Calvin Coolidge 

CalvinCooledgeCalvin Coolidge learned that President Harding had died at 2:30 AM while he was on a vacation in Vermont. He and his wife dressed and then knelt in prayer together. The local justice of the peace swore him into office. Early in his term, he would lose his sixteen year-old daughter to blood poisoning. In his autobiography, he would speak of the “power which moves restlessly that justifies our faith,” and go on to reveal their faith had a profound impact on he and his wife. He would not run for a second term, despite his popularity.[1]

Coolidge declared,

Unless we cling to the things of the spirit, all our material prosperity, overwhelming though it may appear, will turn to a barren scepter in our grasp. If we are to maintain the great heritage that has been bequeathed to us, we must be like-minded as the fathers who created it. We must not sink into a pagan materialism. We must cultivate the reverence which they had for the things that are holy. We must follow the spiritual and moral leadership which they showed. We must keep replenished, that they may glow with a more compelling flame, the altar fires before which they worshiped.[2]

Herbert Hoover

Men Waiting Outside Al Capone Soup KitchenHerbert Hoover was the Secretary of Commerce in the Coolidge administration, and the first Quaker to serve as president. He publicly asked for “the help of Almighty God” in governing the nation – and he needed it. After the crash of the stock market in 1929, things seemed to spiral out of control[3] Banks closed everywhere. Jobs were beyond scarce. It was indeed – the great ‘depression.’ The optimism of the 1900 era was gone. Thin soup and a crusty piece of bread was a welcome site. Hobos multiplied. Fathers left families looking for work and some never returned. Kids were loaned out to relatives in better financial shape. A place to sleep and a few hours of work was heaven. A dime made you rich for a day.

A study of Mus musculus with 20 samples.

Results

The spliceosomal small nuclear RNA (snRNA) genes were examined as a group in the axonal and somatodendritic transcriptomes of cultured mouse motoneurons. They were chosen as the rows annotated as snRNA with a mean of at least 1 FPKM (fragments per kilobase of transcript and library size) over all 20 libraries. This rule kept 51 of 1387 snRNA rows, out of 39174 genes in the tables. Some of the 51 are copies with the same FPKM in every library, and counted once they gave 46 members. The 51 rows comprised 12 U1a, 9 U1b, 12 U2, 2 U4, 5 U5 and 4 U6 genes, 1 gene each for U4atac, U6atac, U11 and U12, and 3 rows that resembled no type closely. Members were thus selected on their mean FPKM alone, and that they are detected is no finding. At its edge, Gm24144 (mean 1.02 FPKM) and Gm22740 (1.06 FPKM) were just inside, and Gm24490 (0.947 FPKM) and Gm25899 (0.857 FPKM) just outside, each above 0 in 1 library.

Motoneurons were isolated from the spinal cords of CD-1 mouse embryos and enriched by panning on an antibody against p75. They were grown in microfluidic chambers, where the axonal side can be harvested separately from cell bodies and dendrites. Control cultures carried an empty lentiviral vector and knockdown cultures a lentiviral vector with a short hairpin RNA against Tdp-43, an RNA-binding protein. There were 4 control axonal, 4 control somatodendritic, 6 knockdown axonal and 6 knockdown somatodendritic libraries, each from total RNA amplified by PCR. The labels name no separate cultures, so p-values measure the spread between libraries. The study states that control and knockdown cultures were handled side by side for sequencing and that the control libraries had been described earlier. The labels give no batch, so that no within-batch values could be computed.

Many churches that had overbuilt or were in debt closed in this season, most did not grow. There was an exception. Most historians referred to holiness-Pentecostal churches as ‘sects’ and note that those churches grew during this era. They preached of a prayer answering God, a faith that believed in miracles and offered hope. They survived in store-front buildings and gave birth to new congregations out of tents or brush-arbors. From 1929 to the early ‘40s, at least one Pentecostal denomination tripled the number of their congregations and almost tripled their membership.



[3] Eugene Lyons, Herbert Hoover: A Biography (Norwalk, CT; Easton Press, 1964), 323.

1 Comment

  1. Very appropiate for this present Day situation and encouraging to those believers who are struggling to keep up theier spiritual values above all! Thank you for the valuable information. Shalom!